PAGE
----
Last updated: 4th Jun 2007, 15:44

Has 29 images, 7 videos and 0 audio files, of which 0 have been highlighted.


“We met at a festival,” she tells me. “I was the only chick on the bill, and I was singing what we affectionately call ‘tampon music’… You know, singer-songwriter, Ani Di Franco, Lilith Fair, Jewel-type music… tamponics! I didn’t wanna be strumming my fucking guitar for ever. I was so bored of that scene.”

“I was in an improvisational, experimental, drum & bass and breakbeat trio”, he tells me. “We were from pretty disparate musical areas, the two opposite ends of this Nickelback moment that was happening on the eastern coast of Canada…”

She: “…and then we screwed.”

He: “And then I left my girlfriend.”

The fruit of this encounter between Dan and Martina was Dragonette, a duo, but also not a duo (we must at this point mention drummer Joel Stouffer and guitarist Will Stapleton) who make sharp, sardonically witty electronic pop music.

“At first,” they confess, “it was a joke in our basement. Like a real pastiche, fully exploring a stereotype, and coming up with beyond-reasonable 80s guitar songs and synthpop songs. We weren’t referencing today’s pop music at all. We would go and listen to The Cars, and end up making a song that sounded like a bubblegum pop girl singing over a Pat Benatar record.”

At some point, however, they became more serious about being in a band. From the very start, the concept was, in stark contrast to the rest of the Canadian scene during that ‘Nickelback moment‘, unashamedly and unapologetically POP. Dan explains, “I’d like to write songs that at least I can remember. I’m very bad at remembering melodies and the lyrics, so it needs to be memorable!”

The results are dirty, hook-heavy, electropop monsters like “I Get Around” and “Competition”, depicting a world of guilt-free promiscuity and sexual predators on the prowl. Martina’s isn’t interested in writing, she says, “songs to get depressed to.” As Dan puts it, “It’s hard enough working on songs that are *fun*. I can’t even imagine what it‘s like working on miserable material…”

Dragonette are not, it’s fair to say, a band who’ve come up the hard way on the toilet gig circuit. Quite the opposite: through a few strokes of fortune, their first public appearances were baptisms of fire in the deep end of mega-concerts. Their second-ever show was supporting New Order at NYC’s Hammerstein Ballroom, followed by a US tour supporting Duran Duran.

“Once or twice in my life,” says Dan, “I’ve had a crowd of 15,000 people in the palm of my hand, reaching a critical mass where they’re all cheering for you’, and that’s what happened at the Duran shows.” Not everyone, however, was impressed. “The next day, we saw someone’s blog: ‘I went to see Duran Duran in Dayton, Ohio, and this fucking terrible band from Canada opened… It was fronted by a slut wearing panties, and she was singing songs about Jesus and sex‘. And all these other people chimed in, saying ‘I know. I took my son!’ Which is hilarious, because Duran Duran are the bad boys of the 80s. They’ve done everything you can think of, with four more ounces of class A narcotics on top…”

However affronted some of the religious mid-westerners may have felt, Dragonette caught the eye of the people who really mattered. “Martina saw all the people on the bleachers, and shouted ‘Who do I have to fuck, to get all of you up there down here and dancing?’ That’s what got us our record deal.”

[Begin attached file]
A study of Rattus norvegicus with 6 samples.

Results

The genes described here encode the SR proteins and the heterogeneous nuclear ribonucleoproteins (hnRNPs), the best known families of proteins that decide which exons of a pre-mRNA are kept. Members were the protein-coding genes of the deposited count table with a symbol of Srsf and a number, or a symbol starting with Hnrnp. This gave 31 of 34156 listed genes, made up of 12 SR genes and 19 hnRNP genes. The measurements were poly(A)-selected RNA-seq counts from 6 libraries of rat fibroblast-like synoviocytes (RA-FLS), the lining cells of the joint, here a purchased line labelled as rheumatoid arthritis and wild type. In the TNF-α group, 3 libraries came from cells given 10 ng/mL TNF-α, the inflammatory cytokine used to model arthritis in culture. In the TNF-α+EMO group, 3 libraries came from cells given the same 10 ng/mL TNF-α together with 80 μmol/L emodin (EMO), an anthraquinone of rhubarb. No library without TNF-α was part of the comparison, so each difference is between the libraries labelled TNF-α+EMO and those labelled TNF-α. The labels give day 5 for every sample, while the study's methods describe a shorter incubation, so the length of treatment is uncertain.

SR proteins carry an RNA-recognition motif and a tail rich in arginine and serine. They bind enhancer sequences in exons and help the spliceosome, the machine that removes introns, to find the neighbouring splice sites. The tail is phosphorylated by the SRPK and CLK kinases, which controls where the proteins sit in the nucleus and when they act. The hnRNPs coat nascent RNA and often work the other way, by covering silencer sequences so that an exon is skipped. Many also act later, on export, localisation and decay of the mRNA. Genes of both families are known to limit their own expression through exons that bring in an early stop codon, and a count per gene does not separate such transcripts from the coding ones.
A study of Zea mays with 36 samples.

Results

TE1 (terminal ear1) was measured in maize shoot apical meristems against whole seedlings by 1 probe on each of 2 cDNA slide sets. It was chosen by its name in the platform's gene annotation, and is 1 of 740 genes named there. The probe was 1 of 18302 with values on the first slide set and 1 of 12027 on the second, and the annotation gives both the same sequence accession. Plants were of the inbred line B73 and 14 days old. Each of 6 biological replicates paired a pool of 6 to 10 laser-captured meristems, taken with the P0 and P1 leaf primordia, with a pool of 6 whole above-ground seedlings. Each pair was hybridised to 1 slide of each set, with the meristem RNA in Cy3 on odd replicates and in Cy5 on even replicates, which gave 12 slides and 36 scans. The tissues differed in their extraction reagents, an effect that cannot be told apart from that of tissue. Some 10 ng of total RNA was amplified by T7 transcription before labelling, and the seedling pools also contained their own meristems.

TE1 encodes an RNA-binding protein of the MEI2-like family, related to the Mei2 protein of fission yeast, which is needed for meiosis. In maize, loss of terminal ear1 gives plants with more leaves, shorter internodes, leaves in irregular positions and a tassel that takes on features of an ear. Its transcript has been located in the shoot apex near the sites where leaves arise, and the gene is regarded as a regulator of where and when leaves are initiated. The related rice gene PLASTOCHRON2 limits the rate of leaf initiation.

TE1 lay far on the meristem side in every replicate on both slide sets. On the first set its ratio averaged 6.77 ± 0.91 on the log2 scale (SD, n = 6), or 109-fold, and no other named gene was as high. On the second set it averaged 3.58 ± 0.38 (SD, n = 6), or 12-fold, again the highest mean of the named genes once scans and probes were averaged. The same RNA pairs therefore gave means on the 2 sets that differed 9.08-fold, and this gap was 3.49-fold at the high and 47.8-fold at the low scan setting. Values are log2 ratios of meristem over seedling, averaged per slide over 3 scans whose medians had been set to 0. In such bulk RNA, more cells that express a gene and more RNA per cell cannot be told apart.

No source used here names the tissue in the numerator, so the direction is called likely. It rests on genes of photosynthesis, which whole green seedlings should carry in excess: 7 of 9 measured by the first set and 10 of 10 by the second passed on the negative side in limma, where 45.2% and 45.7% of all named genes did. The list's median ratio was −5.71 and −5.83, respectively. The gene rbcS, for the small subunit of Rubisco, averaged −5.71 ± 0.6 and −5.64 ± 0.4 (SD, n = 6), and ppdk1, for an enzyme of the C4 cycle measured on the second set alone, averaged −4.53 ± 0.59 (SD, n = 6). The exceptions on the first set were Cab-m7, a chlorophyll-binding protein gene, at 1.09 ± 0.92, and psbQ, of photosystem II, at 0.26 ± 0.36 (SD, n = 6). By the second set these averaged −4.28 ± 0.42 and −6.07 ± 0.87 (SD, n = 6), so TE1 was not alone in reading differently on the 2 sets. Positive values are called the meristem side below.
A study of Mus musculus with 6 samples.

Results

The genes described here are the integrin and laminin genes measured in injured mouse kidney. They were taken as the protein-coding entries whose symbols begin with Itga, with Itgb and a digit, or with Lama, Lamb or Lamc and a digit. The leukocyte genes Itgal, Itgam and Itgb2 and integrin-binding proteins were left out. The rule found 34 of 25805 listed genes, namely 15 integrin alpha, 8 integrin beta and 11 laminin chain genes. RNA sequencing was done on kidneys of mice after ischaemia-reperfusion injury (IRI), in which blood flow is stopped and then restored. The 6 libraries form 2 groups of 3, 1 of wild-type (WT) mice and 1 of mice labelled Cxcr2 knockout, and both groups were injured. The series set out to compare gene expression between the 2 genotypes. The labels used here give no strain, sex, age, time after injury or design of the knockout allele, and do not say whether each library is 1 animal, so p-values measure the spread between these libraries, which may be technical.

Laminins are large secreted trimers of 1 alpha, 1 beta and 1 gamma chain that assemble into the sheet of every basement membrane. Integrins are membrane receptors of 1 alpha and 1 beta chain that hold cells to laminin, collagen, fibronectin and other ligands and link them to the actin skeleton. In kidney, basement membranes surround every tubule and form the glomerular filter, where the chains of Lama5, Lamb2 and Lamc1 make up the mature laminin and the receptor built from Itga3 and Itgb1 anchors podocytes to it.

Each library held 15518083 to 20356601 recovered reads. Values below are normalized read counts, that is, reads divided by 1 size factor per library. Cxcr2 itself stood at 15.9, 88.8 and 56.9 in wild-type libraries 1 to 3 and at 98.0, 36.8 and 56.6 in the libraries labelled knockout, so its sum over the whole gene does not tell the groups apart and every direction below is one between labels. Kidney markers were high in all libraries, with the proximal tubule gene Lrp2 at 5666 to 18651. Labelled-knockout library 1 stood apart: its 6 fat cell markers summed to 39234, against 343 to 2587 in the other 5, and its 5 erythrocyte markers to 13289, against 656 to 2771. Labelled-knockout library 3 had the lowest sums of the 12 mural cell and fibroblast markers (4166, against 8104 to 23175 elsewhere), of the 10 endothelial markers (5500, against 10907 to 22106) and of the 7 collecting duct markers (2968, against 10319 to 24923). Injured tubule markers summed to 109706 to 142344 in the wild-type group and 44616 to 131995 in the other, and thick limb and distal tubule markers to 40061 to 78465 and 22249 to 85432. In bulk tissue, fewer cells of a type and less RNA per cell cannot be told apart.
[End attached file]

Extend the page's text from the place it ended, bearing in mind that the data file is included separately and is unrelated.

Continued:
By putting a great deal of thought into their visual presentation, Dragonette contravened with the any-colour-so-long-as-it‘s-black cliché of alternative rock. “It’s so easy to wear the skinny jeans halfway down your ass, and disappear into your fanbase. The real challenge is to look the way we do onstage, and be that person offstage as well. That’s kinda fun. It’s also terrifying. But we wanna give a great show, and that’s part of it.”

Dragonette eventually signed with Mercury, and, like fellow Canadians Peaches (who they know) and Gonzales (with whom Dan went to school), headed for Europe. “When we were writing these songs,” Dan explains, “we had this idea in our minds that it was more relevant for this part of the world. One thing’s for certain: it’s not the kind of band to launch in Canada. You couldn’t bounce high enough on the trampoline to see over the trees.”

So, the band decamped to London with drummer Joel and hooked up with guitarist Will (the British quarter of Dragonette), where they’ve been honing their small but perfectly-formed, all-killer-no-filler repertoire. Ruthless perfectionists, they proudly boast that “We don’t have any spare songs. We write songs till they’re finished, then we kill off other ones. It’s not like we picked 10 out of a possible 20 for the album. There’ll be no scraps.”

In the meantime, Martina has accidentally become a pop star. When she wrote and sang lead vocals on a new Basement Jaxx track, “Take Me Back To Your House”, she had no idea that it was to be their next single. But that was her, all over your screens in the Dougal Wilson-directed video, cossack-dancing in front of a tank driven by Stalin.

Next, it’s Dragonette’s turn to become pop stars in their own right. If that’s the correct description… “I don’t see us as a pop band,” says Dan, “so much as an electronic-rock band who write pop songs.”

Oh, the name? Nothing to do with puns on retro cop shows. “Martina called her iPod that,” says Dan. “I saw it plugged in on her computer, and I thought ‘Wow, that word looks fucking cool.’ Then we post-rationalised it and said it was about this female-fronted male power band. It’s a fire-breathing dragon, but it’s a chick!”

Martina beams. “A dragon in stilettos.”